Virtual hepatic venous pressure gradient (vHVPG), a novel noninvasive approach to assess portal hypertension, is shown to correlate well with the gold-standard invasive method in a recent Chinese study.
New endoscopic technologies have improved outcomes for patients with upper gastrointestinal bleeding (UGIB), according to Professor James Lau from the Chinese University of Hong Kong, who reviewed current treatment practices and latest advances at the Asian Pacific Digestive Week (APDW) 2017 held recently in Hong Kong.
Sodium phosphate (NaP) tablets for bowel preparation prior to colonoscopy are safe, better tolerated by patients, and provide equivalent and possibly superior colon cleansing compared with standard polyethylene glycol (PEG) solution, a Korean study has found.
Genotypic resistance-guided therapy is no better than traditional empiric therapy for treating patients with refractory Helibacter pylori infection. Researchers found no significant difference in eradication rate between the two strategies when used in the third-line setting.
While bleeding from the small intestine is relatively uncommon, it often presents a diagnostic challenge. Speaking at the Asian Pacific Digestive Week (APDW) 2017 held recently in Hong Kong, Dr Simon Lo from the Cedars Sinai Medical Center in Los Angeles, California, US, reviewed current guidelines and practices with a special focus on common pitfalls.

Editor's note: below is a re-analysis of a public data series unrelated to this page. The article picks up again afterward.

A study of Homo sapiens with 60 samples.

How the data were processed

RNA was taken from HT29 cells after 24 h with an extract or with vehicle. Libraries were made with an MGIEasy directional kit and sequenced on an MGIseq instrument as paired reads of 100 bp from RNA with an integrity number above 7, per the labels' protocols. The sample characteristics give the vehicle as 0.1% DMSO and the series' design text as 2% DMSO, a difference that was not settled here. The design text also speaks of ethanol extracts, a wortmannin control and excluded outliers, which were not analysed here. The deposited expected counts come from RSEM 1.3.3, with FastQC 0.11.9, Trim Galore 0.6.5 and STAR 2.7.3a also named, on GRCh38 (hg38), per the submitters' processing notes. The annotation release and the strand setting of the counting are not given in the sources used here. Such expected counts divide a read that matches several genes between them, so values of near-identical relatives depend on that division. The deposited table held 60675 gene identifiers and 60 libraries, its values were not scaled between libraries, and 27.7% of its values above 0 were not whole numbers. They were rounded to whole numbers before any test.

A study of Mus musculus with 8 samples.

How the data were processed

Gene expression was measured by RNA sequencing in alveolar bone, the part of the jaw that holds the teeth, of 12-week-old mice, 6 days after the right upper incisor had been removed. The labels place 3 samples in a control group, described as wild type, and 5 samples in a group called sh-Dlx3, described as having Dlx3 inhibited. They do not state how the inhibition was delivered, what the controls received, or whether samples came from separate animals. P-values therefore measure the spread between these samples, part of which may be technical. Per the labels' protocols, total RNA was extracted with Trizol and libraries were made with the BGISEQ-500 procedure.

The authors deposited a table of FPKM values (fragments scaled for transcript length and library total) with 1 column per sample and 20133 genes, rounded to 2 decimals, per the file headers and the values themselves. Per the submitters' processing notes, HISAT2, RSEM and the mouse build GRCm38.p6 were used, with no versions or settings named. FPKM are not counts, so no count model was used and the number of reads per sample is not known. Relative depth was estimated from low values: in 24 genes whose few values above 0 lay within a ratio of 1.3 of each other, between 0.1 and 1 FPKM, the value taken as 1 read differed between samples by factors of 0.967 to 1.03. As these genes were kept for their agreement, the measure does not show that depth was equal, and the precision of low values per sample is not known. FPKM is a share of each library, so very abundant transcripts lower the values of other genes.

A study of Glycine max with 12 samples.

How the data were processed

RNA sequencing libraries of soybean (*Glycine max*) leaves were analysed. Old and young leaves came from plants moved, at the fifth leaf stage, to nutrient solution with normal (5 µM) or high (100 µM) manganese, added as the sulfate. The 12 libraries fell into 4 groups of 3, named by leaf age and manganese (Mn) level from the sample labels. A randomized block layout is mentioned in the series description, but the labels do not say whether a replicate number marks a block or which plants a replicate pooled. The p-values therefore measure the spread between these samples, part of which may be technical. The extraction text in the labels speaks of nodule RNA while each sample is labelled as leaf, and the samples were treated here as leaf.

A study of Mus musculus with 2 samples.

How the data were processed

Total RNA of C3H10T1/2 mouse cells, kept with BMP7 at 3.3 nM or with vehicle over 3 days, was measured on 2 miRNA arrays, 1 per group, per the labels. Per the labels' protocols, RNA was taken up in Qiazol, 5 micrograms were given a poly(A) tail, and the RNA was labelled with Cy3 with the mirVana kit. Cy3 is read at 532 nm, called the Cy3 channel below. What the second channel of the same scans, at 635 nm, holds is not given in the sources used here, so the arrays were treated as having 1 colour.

An index of three liver-specific microRNAs (the MiR-B Index) could serve as a biomarker of spontaneous or treatment-induced transition from active to inactive chronic hepatitis B virus (HBV) infection, facilitating disease monitoring and testing of new antivirals, according to Dr Mauricia Brunetto from the University of Pisa, Italy, who spoke recently at the Asian Pacific Digestive Week (APDW) 2017 in Hong Kong.
Regardless of birth weight, being obese at preschool age is associated with a greater risk of elevated blood pressure during early childhood, a recent China study has found. A longer duration of breastfeeding appears to help mitigate such a risk.
In patients with heart failure with reduced ejection fraction (HFrEF) receiving angiotensin-converting-enzyme (ACE) inhibitors, high dosing confers benefits for the risk of death or hospitalization that are similar to that obtained with lower dosing, according to a systematic review and meta-analysis.